Abbreviation for Curio and Relic
The Definition of C&R
Abbreviation for Curio and Relic
19 Other Firearms Definitions You Need To Know
A unit of measure traditionally used for black powder shotgun charges. Today, used for smokeless powders on the basis of the new propellant's equivalent performance to that weight of black powder. Thus, a shotgun shell marked 3 - 1 1/8 would be loaded with the smokeless powder equivalent of 3 drams of black powder, and with 1 ounce of shot. 1 Dram = 1/16 ounce = 437.5 grains.
The distance, or clearance, between the base of a chambered cartridge and the breech face (or bolt face) of a firearm. This is a critical dimension, particularly in high powered rifles. If there is too little headspace, the bolt will not close. If there is too much headspace the cartridge will not be properly supported in the chamber and the cartridge will expand upon firing and may rupture, blasting high-pressure gas into the action and possibly into the body of the shooter. Headspace should be .003" - .006" in a centerfire rifle. It can be checked with a set of "Go and No-Go" gauges specific to the calibre in question. (See below.) With a standard cartridge, the headspace is registered by the shoulder, with a belted cartridge, the headspace is registered by the forward edge of the belt.
A bullet not covered by a metal jacket or patch.
Two independent rifles, built on one frame, designed to allow two virtually instantaneously quick, totally reliable shots. The barrels may be arranged either side-by-side or over-and-under. The apogee of the gunmaker's art. Particularly useful against dangerous game, which may be moving, and in your direction, with vengeance on its mind.
Abbreviation for Concealed Firearms License.
A bullet that is designed to disintegrate into tiny particles upon impact to minimize their penetration for reasons of range safety, to limit environmental impact, or to limit the danger behind the intended target. Examples are the Glaser Safety Slug and the breaching round.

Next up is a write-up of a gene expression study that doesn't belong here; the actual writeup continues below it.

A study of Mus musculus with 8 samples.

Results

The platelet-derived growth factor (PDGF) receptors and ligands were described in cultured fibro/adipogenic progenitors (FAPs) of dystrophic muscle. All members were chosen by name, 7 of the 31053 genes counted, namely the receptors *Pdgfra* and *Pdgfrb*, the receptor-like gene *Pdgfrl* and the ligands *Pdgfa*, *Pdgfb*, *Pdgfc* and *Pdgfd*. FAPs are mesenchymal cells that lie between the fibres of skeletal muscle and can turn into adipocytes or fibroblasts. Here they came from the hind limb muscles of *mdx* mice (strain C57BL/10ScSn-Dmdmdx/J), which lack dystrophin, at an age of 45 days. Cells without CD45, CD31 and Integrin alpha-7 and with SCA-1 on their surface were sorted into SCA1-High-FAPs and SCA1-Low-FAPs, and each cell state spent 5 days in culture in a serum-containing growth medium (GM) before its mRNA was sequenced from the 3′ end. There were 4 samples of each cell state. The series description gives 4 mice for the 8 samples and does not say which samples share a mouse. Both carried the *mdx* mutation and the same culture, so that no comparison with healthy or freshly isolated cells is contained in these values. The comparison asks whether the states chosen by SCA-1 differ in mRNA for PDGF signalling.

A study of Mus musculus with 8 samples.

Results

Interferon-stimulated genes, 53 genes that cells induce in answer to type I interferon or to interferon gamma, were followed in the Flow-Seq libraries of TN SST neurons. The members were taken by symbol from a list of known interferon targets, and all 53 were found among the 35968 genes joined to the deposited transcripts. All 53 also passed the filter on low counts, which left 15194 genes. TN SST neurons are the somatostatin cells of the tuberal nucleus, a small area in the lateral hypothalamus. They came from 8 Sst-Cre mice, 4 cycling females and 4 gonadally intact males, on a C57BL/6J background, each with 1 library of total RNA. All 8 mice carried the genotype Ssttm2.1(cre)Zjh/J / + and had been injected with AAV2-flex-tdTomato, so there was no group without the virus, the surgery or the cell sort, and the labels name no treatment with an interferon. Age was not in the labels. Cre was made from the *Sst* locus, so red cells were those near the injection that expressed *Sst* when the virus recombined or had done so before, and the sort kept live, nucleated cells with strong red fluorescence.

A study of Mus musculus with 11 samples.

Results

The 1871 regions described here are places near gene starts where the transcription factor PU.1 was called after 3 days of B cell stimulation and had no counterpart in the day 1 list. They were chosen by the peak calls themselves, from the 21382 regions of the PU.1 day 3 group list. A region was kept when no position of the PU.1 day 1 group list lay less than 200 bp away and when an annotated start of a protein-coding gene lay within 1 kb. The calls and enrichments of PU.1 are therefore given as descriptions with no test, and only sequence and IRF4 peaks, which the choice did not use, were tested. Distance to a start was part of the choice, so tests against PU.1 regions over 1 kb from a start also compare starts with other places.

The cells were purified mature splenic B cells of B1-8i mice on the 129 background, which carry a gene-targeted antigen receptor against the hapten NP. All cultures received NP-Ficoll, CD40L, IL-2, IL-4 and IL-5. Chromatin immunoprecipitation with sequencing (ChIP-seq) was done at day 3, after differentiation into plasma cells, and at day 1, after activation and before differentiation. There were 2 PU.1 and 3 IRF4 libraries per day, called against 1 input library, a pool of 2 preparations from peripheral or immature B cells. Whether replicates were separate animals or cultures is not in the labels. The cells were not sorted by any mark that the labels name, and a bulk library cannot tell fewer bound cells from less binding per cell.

More correctly a "rifled slug" or "shotgun slug." An individual cylindrical projectile designed to be discharged from a shotgun. The term is often incorrectly used to mean a Bullet.
The slang term for the procedure to clear a misfeed. To clear a misfeed, tap the base of the magazine firmly to be sure it is properly seated, rack the slide to eject an empty case or feed a new round, and assess to be sure your target still needs shooting. If it does, pull the trigger to create the bang.
Contrary to some people's belief, AR does NOT stand for Assault Rifle. The designation AR stands for the original designing company ArmaLite.
Abbreviation for 'Back Up Gun'
The forward end of the bolt which supports the base of the cartridge and contains the firing pin.
The wearing away of a barrel's metal surface by a bullet or shot charge or by the heat of powder gases.
A device, incorporated into the design of most firearms actions that, when engaged, should prevent the discharge of the firearm. Some safeties are more positive than others. A safety device is not a perfect substitute for the general principles of responsible gun handling. Never point a gun in a direction you do not intend to shoot
A rifle projectile made with the tip of the bullet open as a means of increasing accuracy as compared to standard military bullets that are made with a closed tip and an open base. The are not designed to expand like a hollow point bullet but may fragment.
To pull the trigger and release the hammer of a firearm without having a cartridge in the chamber.
A term used in artillery to indicate a projectile impact beyond the designated target.
An extra-deep magazine typical of large calibre rifles for dangerous game. The line of the underside of the wrist does not carry straight forward as with ordinary rifles. Rather the rear of the magazine aligns more towards the center of the forward edge of the triggerguard, typically allowing at least one extra cartridge to be carried.
A rib extension on a break-open gun, ending in a circular or semi-circular shape in plan (resembling the head of a doll), mating into a similarly-shaped recess in the top of the receiver, designed to resist the tendency of the barrels to pull away from the standing breech when firing. Because an action's centerpoint of flexing when firing is at the base of the standing breech, not at the hingepin, a passive doll's head extension makes an effective extra fastener, even without additional mechanical locks operated by the opening lever.
Originally, live pigeons were used as targets, but they were gradually replaced with clay disks and ultimately banned. Later clay has been replaced with more suitable raw materials.